The Execution Service under the Government of Tajikistan is seeking repayment of Tajik national air carrier’s debt of US$20 million to Lithuanian UAB Skyroad Leasing.

The Execution Service representatives told reporters in Dushanbe on July 20 that Tajik Air’s bank accounts have been frozen to recover this amount.

But the problems is that Tajik Air’s accounts are currently pending.  Tajik national air carrier has reportedly owed a large amount in the form of taxes and other payments.  

Recall, Tajikistan’s High Economic Court in July last year satisfied the claim filed by Lithuania’s Skyroad Leasing against the Tajik national air carrier Tajik Air. 

Bakhtiyor Naimzoda, the Judge at the High Economic Court of Tajikistan, told reporters in Dushanbe on July 22 last year that the High Economic Court has upheld Dushanbe Economic Court verdict’s which ordered Tajik Air in 2018 to pay an outstanding debt of 20 million U.S. dollars.

A court in the United States last month rejected Lithuanian company’s claims against Tajik Air as it lacked personal jurisdiction over Tajik Air.

The United States Court of Appeals for the District of Columbia Circuit noted on June 17, 2022 that the district court granted the motion, ruling that it lacked personal jurisdiction over Tajik Air under the Fifth Amendment’s Due Process Clause.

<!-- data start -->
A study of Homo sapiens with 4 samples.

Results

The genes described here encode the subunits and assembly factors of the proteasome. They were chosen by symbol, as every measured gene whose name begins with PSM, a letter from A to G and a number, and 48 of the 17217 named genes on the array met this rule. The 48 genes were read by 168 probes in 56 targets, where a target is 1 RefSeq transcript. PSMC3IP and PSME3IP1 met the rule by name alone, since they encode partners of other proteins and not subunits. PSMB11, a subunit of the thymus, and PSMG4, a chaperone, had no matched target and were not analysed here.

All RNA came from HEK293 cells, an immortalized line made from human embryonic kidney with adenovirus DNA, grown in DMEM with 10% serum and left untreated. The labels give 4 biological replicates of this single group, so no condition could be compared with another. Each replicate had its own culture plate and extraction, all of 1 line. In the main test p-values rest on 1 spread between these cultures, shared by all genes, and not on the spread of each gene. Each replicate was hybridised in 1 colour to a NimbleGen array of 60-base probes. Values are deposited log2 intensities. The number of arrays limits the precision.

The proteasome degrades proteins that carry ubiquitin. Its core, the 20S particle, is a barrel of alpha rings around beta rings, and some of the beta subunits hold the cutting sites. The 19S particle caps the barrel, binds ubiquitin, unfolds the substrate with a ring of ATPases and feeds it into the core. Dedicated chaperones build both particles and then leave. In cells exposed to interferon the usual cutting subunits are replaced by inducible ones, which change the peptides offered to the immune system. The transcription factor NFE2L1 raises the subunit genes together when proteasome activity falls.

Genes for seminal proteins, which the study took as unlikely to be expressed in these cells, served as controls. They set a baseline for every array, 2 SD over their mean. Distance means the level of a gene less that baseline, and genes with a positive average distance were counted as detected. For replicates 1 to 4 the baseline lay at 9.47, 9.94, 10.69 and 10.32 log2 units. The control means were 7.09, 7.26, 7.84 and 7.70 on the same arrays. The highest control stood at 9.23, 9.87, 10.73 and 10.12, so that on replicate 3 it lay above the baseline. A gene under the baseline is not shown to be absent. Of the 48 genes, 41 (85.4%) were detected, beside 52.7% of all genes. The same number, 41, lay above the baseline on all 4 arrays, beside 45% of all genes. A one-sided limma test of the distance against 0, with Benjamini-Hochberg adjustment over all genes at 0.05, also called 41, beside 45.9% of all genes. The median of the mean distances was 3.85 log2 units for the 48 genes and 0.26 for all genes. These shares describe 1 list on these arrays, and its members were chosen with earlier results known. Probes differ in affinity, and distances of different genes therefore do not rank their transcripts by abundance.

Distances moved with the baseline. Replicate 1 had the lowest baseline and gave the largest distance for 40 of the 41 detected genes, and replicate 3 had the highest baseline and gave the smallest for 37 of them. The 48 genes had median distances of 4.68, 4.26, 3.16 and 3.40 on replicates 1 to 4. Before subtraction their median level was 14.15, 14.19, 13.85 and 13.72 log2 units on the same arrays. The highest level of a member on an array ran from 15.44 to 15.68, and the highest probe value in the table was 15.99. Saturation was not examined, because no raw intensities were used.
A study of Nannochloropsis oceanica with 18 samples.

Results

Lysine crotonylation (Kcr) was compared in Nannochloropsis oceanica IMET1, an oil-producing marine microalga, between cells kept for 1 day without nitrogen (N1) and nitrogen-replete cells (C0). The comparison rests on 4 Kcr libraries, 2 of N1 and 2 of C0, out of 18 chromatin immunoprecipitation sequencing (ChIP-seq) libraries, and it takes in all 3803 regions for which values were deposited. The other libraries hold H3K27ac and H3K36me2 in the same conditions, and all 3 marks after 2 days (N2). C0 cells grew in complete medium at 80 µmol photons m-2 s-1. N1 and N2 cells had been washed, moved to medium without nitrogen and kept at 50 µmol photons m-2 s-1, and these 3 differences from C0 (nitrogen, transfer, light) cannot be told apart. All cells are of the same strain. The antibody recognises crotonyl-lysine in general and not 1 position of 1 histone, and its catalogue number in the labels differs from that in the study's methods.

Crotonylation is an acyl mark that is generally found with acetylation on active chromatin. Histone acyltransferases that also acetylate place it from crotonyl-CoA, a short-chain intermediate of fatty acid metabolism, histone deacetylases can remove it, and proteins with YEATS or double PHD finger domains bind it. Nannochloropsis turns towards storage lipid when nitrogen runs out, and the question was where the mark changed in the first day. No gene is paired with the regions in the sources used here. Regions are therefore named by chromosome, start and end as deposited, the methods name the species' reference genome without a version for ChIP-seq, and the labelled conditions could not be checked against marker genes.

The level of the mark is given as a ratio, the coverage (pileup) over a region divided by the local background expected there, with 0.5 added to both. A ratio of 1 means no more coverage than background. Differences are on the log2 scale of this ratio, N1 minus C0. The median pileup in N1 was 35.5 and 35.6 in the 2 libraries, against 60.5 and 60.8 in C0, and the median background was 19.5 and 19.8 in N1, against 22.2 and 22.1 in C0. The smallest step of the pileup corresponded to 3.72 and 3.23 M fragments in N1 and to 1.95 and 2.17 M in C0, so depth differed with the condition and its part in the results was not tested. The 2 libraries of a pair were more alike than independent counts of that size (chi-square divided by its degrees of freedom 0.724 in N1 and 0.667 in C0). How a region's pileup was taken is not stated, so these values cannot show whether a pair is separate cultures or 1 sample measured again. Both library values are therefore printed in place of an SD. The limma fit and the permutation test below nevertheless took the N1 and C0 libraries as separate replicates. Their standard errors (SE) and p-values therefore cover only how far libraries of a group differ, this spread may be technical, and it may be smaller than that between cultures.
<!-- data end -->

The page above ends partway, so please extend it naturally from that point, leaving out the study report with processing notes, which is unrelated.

UAB Skyroad Leasing (Skyroad), a Lithuanian company, seeks to enforce an arbitral award against OJSC Tajik Air (“Tajik Air”), an airline wholly owned by the Republic of Tajikistan.

The Vilnius Court of Commercial Arbitration issued a final award in Skyroad’s favor, which was affirmed by the Court of Appeal of Lithuania.  Tajik Air has not yet paid the arbitral award, and Skyroad filed a petition to enforce the award in the district court pursuant to the Federal Arbitration Act, 9 U.S.C. § 207.

Tajik Air moved to dismiss for improper service of process and lack of personal jurisdiction. The district court granted the motion, ruling that it lacked personal jurisdiction over Tajik Air under the Fifth Amendment’s Due Process Clause.

It is to be noted that Tajik Air in September 2009 entered into two identical lease agreements with a Lithuanian company called AB Avia Asset Management for the lease of two Boeing aircraft.  The agreements required Tajik Air to pay monthly rent of US$149,000 for each aircraft and to return the two aircraft at the end of the 60-month lease period.  On November 2, 2010, AB Avia Asset Management transferred all rights and obligations under the lease agreements to UAB AviaAM B03, which later became UAB Skyroad Leasing.

In 2013, after Tajik Air started falling behind on the monthly lease payments, Skyroad initiated arbitration proceedings pursuant to the agreements, resulting in an award of $2,824,000 plus interest.  When Tajik Air remained delinquent on payments and failed to return the aircraft at the end of the leases, Skyroad initiated a second arbitration proceeding with the Vilnius Commercial Arbitration Court (VCCA) tribunal on September 5, 2017, whose ultimate award is the subject of this action.

After the Lithuanian court's decision, an appeal by the airline was rejected.  On top of the USD20 million, the court demanded USD84,000 from the airline in legal costs.

The only state-owned aviation company in Tajikistan, Tajik Air has been experiencing economic difficulties for years.